Just as we give special attention to the needs of puppies, dogs heading into their later years require unique attention to help continue their good quality of life and extend their precious time with us. After so many years of loyalty and support, don't they deserve the best care we can give them?
When is my pet considered a Senior?
Aging varies by breed, body size and individual pet. Larger breeds of dogs age more quickly than smaller dogs. Typically, a cat reaches their senior years at 9 years old, small dogs at 9 years old, and large dogs at 6 years old.
How often should I bring my Senior in for a visit?
Pets can not tell us when they feel unwell or if they are experiencing subtle life changes. Our senior heath program provides check-ups at least twice a year to assist in early identification and management of disease conditions. Dogs and cats age much faster than we do and as a result, health problems progress much more rapidly. Australian pets are living longer than ever, and the risk of disease increases with age, so early detection is the key to prevention.
Diet for Seniors
The most critical part of preventive health care for a cat or dog is keeping a normal weight. On average, a fat cat or dog will have a shorter lifespan than one who is a normal weight. Geriatric cats and dogs need only about 2/3 the number of daily calories that young adults do. A “seniors” formulated diet will have a significant impact on the health of your older pet.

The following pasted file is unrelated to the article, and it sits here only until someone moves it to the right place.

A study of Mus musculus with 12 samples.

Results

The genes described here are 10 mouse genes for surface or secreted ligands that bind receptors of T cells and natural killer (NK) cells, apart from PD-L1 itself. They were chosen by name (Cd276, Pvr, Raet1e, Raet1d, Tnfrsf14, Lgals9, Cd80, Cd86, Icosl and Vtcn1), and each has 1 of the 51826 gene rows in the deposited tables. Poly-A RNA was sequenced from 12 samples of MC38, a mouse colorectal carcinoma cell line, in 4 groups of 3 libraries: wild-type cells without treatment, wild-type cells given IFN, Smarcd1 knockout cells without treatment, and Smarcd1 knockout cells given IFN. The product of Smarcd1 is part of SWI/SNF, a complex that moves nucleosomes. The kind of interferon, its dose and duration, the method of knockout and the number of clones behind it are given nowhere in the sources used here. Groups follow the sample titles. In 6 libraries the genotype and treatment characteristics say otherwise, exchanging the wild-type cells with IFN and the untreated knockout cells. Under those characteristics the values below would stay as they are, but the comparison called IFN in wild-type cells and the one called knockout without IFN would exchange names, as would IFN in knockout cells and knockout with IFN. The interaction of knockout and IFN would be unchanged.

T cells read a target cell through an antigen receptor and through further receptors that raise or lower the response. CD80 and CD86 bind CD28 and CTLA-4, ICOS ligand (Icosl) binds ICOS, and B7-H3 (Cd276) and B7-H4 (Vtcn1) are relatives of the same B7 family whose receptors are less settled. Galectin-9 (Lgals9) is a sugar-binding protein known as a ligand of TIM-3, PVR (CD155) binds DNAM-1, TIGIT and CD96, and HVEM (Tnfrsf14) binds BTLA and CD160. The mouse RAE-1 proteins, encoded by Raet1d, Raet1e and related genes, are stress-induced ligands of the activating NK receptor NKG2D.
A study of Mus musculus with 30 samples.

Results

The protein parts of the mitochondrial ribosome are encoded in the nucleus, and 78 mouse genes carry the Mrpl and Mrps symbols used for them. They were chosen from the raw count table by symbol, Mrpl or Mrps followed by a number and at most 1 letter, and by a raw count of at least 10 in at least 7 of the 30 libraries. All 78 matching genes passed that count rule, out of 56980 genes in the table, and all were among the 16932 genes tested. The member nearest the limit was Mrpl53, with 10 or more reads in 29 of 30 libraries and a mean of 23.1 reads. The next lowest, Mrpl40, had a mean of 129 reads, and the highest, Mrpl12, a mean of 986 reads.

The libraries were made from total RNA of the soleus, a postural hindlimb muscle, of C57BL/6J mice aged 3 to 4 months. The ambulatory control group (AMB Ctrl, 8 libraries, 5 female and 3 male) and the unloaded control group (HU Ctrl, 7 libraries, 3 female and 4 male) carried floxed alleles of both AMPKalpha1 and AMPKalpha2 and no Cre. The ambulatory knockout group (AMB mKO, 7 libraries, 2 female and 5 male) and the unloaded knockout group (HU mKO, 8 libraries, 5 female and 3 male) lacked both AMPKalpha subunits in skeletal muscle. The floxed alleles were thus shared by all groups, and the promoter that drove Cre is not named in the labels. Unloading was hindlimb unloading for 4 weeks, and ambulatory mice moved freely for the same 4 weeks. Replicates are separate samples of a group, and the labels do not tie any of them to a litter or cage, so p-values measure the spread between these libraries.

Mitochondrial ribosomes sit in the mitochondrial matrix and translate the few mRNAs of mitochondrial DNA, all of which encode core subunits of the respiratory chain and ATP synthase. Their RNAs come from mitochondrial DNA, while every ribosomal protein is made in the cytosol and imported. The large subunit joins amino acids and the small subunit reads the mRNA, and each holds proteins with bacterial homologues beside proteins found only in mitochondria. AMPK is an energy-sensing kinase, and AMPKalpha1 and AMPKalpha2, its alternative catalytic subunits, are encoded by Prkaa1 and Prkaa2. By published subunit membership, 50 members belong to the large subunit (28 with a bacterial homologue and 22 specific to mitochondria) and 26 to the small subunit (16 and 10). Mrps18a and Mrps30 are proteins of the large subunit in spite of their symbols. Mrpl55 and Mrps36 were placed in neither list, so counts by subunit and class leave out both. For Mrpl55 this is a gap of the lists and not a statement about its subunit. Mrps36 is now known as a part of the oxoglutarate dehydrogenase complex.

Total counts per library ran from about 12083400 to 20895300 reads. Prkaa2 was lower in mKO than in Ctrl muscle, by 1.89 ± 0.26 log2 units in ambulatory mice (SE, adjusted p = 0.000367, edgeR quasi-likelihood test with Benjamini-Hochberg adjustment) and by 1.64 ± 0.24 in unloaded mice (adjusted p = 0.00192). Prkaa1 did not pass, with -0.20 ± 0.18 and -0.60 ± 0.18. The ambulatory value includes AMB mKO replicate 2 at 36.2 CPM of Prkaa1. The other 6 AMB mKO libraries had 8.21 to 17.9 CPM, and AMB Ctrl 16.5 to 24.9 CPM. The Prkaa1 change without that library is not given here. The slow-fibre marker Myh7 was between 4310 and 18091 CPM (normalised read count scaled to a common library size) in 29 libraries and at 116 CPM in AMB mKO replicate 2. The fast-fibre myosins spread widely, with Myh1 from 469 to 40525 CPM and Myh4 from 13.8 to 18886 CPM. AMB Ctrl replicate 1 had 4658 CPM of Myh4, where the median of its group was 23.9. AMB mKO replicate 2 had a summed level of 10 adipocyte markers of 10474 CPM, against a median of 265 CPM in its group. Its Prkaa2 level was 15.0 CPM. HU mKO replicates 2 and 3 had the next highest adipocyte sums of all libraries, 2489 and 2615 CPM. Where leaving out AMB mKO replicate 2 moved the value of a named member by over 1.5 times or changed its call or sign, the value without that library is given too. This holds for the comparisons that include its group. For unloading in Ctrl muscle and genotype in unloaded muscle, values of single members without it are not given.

When should I worry about my Senior?
If you notice the following changes in your pet:
- Increased or decreased appetite or thirst
- Weight gain or loss
- Reduction in grooming or greasy hair
- Having problems with urination and/or defecation
- Changes in normal home behaviour
- Persistent cough
- New lumps or bumps.
- Bad breath, tartar on teeth or bleeding gums
- Trouble getting up, difficulty walking or taking the stairs
If you notice any of these signs please call us to make an appointment.